April 17, 2024

I will freely admit that I don’t understand how dry cleaners work. How do they get that stuff clean? And without water!

Everyone says, “They use chemicals.” They say it like they’ve solved the ancient mystery of dry cleaning: “It’s chemicals!”

“Oh, thanks. I’m glad I asked you.”

That means nothing to me. “Chemicals” is a word that people use when they have no idea what they’re talking about, but it sounds scientific and they’re technically not wrong. Everything in the world is made up of chemicals. Do they use water? Water is made up of chemicals. It’s like how people say, “I don’t want to eat those vegetables. They have chemicals.”

I think they picture farmers onloading trucks with these big sacks labeled just, “chemicals.”

(They get it generic.)

No, we have no idea what they use. The whole place is shrouded in mystery. I personally picture a guy in the back rubbing the clothes furiously with the corner of a towel. You try to look at what’s going on in the back while you’re there, but all you see is a confusing mass of hangers and machines and pipes and steam, and when they’re done, they put your clothes on a little amusement park ride so all the suits can go around in a circle every time someone comes by to get his stuff.

I’m not sure even they know how they clean it, because when they tell you when to come back, it always sounds like they’re guessing: “Tuesday by 7? Wednesday by… I want to say 4:30?”

I’m not sure what’s going on there. There are thousands of clothes going around on that ride; there’s no way that some of these clothes haven’t been making this hakafah for several years. There’s never more than two people on line in front of you. Shouldn’t there be a line out the door, like the bagel store on a taanit, considering how many clothes are up here? All those clothes are done. Where is everybody?

I do have a theory. You know how, when you have a brand-new pushka, you put some of your own money in to start it off, so you don’t just go over to the first guy and shake an empty pushka at him? The people who work there just put all their clothes up to make it seem busy. They don’t want you to see one shirt going around—“Bzzzt!”—just flowing in the wind.

Plus, they want to block your view of what’s going on in the back.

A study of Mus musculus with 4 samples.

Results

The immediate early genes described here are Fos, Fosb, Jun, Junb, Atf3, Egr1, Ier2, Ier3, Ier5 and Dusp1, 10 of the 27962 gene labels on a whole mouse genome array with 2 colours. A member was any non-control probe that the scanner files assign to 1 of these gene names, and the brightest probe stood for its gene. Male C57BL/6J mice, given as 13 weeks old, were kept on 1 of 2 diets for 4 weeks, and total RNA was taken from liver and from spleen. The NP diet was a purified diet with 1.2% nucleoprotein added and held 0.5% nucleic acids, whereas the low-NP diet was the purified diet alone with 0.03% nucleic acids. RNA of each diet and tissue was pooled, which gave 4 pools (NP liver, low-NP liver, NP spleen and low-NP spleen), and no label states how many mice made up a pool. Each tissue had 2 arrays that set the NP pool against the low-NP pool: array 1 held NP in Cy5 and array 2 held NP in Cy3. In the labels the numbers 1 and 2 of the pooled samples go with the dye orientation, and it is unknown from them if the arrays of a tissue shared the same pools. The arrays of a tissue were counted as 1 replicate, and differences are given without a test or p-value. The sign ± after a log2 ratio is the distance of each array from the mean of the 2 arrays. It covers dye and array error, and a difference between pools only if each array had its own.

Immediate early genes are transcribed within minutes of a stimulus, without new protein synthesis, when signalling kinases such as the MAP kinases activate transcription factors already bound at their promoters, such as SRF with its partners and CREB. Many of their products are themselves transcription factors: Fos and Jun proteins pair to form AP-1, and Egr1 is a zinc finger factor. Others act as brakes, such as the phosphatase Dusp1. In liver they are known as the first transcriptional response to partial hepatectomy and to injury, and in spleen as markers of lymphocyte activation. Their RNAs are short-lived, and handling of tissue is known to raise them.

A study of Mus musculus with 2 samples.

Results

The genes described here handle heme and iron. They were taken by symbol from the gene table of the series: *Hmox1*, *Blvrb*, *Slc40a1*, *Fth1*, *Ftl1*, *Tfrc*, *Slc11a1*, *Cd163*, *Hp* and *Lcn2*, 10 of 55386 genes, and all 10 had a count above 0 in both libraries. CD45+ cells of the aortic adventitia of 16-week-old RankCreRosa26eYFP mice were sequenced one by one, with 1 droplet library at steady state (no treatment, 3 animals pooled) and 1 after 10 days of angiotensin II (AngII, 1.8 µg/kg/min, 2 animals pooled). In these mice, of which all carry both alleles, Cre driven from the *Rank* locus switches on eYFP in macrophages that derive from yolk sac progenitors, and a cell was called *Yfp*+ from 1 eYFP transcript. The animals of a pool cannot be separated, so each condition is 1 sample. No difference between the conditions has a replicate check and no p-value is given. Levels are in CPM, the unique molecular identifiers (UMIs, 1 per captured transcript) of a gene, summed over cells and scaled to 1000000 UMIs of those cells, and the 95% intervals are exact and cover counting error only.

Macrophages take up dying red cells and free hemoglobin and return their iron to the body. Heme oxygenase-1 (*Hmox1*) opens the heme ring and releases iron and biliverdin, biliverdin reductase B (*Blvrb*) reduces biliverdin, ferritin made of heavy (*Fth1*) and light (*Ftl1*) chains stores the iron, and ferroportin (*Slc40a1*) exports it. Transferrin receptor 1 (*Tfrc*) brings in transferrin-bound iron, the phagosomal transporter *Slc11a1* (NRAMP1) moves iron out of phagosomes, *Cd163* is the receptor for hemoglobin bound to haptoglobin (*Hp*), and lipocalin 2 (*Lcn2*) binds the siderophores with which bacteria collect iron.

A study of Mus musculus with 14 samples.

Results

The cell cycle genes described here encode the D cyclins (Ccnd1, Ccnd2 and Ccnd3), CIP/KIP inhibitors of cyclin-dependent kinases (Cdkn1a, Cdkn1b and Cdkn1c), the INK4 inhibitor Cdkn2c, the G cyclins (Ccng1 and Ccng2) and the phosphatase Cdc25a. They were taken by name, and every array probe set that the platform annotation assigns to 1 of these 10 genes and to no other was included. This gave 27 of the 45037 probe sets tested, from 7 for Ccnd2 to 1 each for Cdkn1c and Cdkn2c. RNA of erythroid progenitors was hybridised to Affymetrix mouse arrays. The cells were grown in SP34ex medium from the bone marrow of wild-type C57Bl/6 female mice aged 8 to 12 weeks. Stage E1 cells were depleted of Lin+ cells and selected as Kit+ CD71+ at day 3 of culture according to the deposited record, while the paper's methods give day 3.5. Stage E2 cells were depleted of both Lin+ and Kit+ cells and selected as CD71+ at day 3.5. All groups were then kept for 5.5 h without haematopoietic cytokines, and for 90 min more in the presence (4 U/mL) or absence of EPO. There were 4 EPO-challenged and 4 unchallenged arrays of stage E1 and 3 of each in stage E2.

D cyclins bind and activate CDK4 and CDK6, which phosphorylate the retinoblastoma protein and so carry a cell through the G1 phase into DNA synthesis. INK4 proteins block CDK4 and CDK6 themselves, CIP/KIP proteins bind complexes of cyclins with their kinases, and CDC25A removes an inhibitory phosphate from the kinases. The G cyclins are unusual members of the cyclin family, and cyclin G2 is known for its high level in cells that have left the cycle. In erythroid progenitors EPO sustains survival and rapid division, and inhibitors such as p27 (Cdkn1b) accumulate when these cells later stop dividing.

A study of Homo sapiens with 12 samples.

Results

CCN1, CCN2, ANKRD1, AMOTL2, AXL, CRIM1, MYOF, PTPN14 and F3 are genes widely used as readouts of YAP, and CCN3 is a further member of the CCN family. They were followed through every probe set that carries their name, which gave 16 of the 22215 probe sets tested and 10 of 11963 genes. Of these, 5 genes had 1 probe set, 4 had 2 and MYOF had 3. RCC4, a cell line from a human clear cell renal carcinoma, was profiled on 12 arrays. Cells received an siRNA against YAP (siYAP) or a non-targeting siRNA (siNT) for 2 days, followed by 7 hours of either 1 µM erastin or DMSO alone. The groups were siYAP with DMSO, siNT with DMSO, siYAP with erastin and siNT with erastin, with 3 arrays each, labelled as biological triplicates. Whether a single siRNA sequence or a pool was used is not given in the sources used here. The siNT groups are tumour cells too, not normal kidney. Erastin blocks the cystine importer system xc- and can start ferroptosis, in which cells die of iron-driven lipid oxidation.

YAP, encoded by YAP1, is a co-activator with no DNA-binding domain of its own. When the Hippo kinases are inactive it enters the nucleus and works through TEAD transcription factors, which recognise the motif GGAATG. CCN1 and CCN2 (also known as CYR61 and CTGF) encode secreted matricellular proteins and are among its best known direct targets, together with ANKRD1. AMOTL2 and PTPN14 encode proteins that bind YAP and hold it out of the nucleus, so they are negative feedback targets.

Also, I’m guessing that people forget to pick up the things they don’t immediately need. Or they don’t have storage at home, so they bring it to the cleaners and pay a small cleaning fee which, as they see it, comes with free storage for six months.

I think it’s also possible that they have a clothes-rental business going on at the same time, where they rent people nice clothes for 24 hours. At the very least, the workers are wearing the clothes themselves. That’s why they want you to come back in two days.

“Don’t show up tomorrow. I’ll be wearing it.”

I find that there are two kinds of people when it comes to dry cleaning:

1. There are people who believe that everything they own needs to be dry cleaned. (I don’t know how they think people used to wash anything in the old days.) These people are afraid of washing anything themselves, lest they shrink it. Personally, I don’t think I’ve ever shrunk anything, though that is my theory on why I keep losing socks in the laundry. I’m like, “Why are some of my socks missing? And why did the kids put their socks in my personal load?”

2. And then there are people who bring items to the cleaners only when something is so dirty that only the cleaners can save it, and also right before Rosh Hashanah and Pesach. In fact, it often doesn’t occur to me for a long time that something can even be dry cleaned. (Can they do a couch?)

For example, it took almost 16 years of marriage for it to occur to me that I could dry clean my challah cover. I’m not even sure how it got dirty; I take it off the table before everyone starts eating. Yet it had white splotches all over it.

Maybe it’s the salt. Picture your car after the salt truck passes by.

I actually wasn’t sure if they’d ever washed a challah cover before, but I did figure that seeing as they’re in a Jewish neighborhood, they’d take it in stride.

“What’s this?”

“It’s for covering my bread.”

“Velvet keeps it fresh?”

“No, it’s decorative.”

“Why is there blood?”

They probably can figure it out, because there’s a picture of a challah on it.

“So um, what are all the fringes for?”

“We don’t know.”

Plus, with any item you give these people, chances are that there was someone before you who explained to them about tzitzis and challah covers and sefer Torah mantels.

“And this thing here is a snood. It’s definitely not a stretched-out sock.”

All they know is that the Yidden use a lot of little things made out of velvet, and we sometimes wear plain white dress robes, but they don’t complain, because what other culture wears dry-clean-only clothing once a week, minimum, and eats a huge meal in it, during which we’re getting even our challah covers dirty?

So if you’re a dry cleaner, and someone hands you something and says, “This is a tallis,” you just write it down and hand them a ticket. If you’re smart, the only question you ask is, “What color is it supposed to be?”

They don’t ask questions, and we don’t ask questions.

Mordechai Schmutter is a freelance writer and a humor columnist for Hamodia and other magazines. He also has seven books out and does stand-up comedy. You can contact him at [email protected].